3D, probabilistic and numerical modelling - Tools in assessing mineral resource potential under cover
|Location||International Geological Congress,oslo 2008|
|Author||Scott, Margaretha۱; Feltrin, Leonardo۲; Dixon, Owen۱; Blake, Paul۱; Fitzell, Melanie۱; Purdy, David۱; Oliver, Nick۲; McLellan, John۲|
|Holding Date||15 September 2008|
The Late Devonian-Carboniferous northern Drummond Basin region is one of Australia’s more prospective areas for epithermal vein and stockwork style gold deposits, hosting both low and high sulphidation epithermal mineralisation. Despite this fact, the controls acting on mineralisation are not well understood. 3D-GIS reconstructions, probabilistic modelling (WOFE) and numerical modelling (UDEC, FLAC 3D) are used here to explore basin and local-scale controls on the genesis of these deposits.
The northern Drummond 3D model was constructed with the objective of: providing a visual model of the basin; establishing spatial associations between key datasets; and refining conceptual models of the region. An initial review of existing data sets and conceptual models highlighted a number of unresolved issues and inconsistencies. As a consequence, the re-evaluation of stratigraphic and magmatic frameworks and constraints to the architecture of the basin, became a prerequisite to the numerical modelling phases.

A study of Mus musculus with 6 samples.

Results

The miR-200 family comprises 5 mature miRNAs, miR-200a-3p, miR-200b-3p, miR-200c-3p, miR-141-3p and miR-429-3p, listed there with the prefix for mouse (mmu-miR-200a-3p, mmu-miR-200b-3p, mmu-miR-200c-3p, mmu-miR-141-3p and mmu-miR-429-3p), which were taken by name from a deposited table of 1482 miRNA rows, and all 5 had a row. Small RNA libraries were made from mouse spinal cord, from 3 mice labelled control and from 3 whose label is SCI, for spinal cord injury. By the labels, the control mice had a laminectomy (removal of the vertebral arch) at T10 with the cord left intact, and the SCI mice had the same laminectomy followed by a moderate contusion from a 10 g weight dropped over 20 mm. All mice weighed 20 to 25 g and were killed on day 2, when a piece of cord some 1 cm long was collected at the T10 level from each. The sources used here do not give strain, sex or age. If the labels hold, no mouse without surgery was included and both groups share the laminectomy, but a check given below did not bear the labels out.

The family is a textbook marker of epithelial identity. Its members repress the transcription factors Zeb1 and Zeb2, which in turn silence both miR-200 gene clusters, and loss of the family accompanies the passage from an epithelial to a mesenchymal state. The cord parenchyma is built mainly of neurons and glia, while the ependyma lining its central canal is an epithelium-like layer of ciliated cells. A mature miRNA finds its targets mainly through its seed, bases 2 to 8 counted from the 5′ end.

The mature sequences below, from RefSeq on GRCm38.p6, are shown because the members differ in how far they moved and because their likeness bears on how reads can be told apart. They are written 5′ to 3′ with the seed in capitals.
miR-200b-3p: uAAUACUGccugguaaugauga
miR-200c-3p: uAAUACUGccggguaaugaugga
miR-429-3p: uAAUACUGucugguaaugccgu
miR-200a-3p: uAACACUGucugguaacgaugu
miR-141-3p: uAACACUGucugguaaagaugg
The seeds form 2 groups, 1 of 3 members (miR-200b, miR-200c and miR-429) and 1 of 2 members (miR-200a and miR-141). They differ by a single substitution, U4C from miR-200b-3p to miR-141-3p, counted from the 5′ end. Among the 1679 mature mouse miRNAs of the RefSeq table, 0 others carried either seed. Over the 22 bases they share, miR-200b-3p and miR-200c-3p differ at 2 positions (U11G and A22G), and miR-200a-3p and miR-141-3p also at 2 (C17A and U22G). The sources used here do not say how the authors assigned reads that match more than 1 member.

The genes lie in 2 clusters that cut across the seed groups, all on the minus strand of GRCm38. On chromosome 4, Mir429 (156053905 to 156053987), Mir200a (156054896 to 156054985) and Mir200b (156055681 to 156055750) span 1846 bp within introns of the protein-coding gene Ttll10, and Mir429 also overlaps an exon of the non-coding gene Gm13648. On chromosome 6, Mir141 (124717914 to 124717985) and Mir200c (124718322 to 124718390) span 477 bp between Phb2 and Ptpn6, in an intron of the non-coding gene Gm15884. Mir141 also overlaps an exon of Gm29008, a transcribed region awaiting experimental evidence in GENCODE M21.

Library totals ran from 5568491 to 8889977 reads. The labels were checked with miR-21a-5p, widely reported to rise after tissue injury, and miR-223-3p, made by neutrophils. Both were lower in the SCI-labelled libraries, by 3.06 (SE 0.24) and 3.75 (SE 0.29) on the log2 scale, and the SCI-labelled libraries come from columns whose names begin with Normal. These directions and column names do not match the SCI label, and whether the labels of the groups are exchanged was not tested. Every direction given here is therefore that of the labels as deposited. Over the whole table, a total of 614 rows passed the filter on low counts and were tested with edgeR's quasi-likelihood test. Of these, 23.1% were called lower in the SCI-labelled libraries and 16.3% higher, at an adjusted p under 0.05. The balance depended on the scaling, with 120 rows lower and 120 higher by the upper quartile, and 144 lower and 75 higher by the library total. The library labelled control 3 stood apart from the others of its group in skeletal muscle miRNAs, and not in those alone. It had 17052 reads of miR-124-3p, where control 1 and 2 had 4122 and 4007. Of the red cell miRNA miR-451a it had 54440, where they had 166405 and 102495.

The key interpretations derived from this work indicate that:(1) the Drummond Basin is underlain by a number of basement elements;(2) basement boundaries coincide with structural domains that reflect the partitioning of deformation across the northern Drummond Basin;(3) there is an association between known low sulphidation occurrences and intrusive bodies;and (4) areas of potentially younger silicic pyroclastic deposits equivalent to Permian volcanic units known to host high sulphidation epithermal mineralisation in the adjacent Bowen Basin are present.
These observations allow us to propose that there was a change in age and style of epithermal Au from 345 Ma (low sulphidation epithermal) to 300 Ma (intermediate-high sulphidation epithermal), reflecting a transition from localised rift to caldera volcanism. At camp scale, gold localisation appears to be governed by the interplay between intrusive bodies and the local structural architecture. The basin is considered here as a series of rift segments distinguished on the basis of their structural characteristics and separated by major accommodation zones. Extensional strain is thought to be accommodated differently between domains, involving primarily strike-slip movement and listeric faulting or dip-slip tilt blocks.
Following on from this work, 2.5D coupled thermal-fluid flow and 3D coupled deformation-fluid flow modelling is being used to develop an understanding of the role of key basement structures and the impact of basement anisotropy in focusing hydrothermal activity. UDEC process modelling of the interaction of faults, rock types and pore fluid pressure is providing data on failure and dilation sites. Outputs from this will be compared with probabilistic results generated using WOFE. These techniques are aimed at quantifying the character of mineralising processes operating in the northern Drummond, and improving exploration targeting strategies under cover.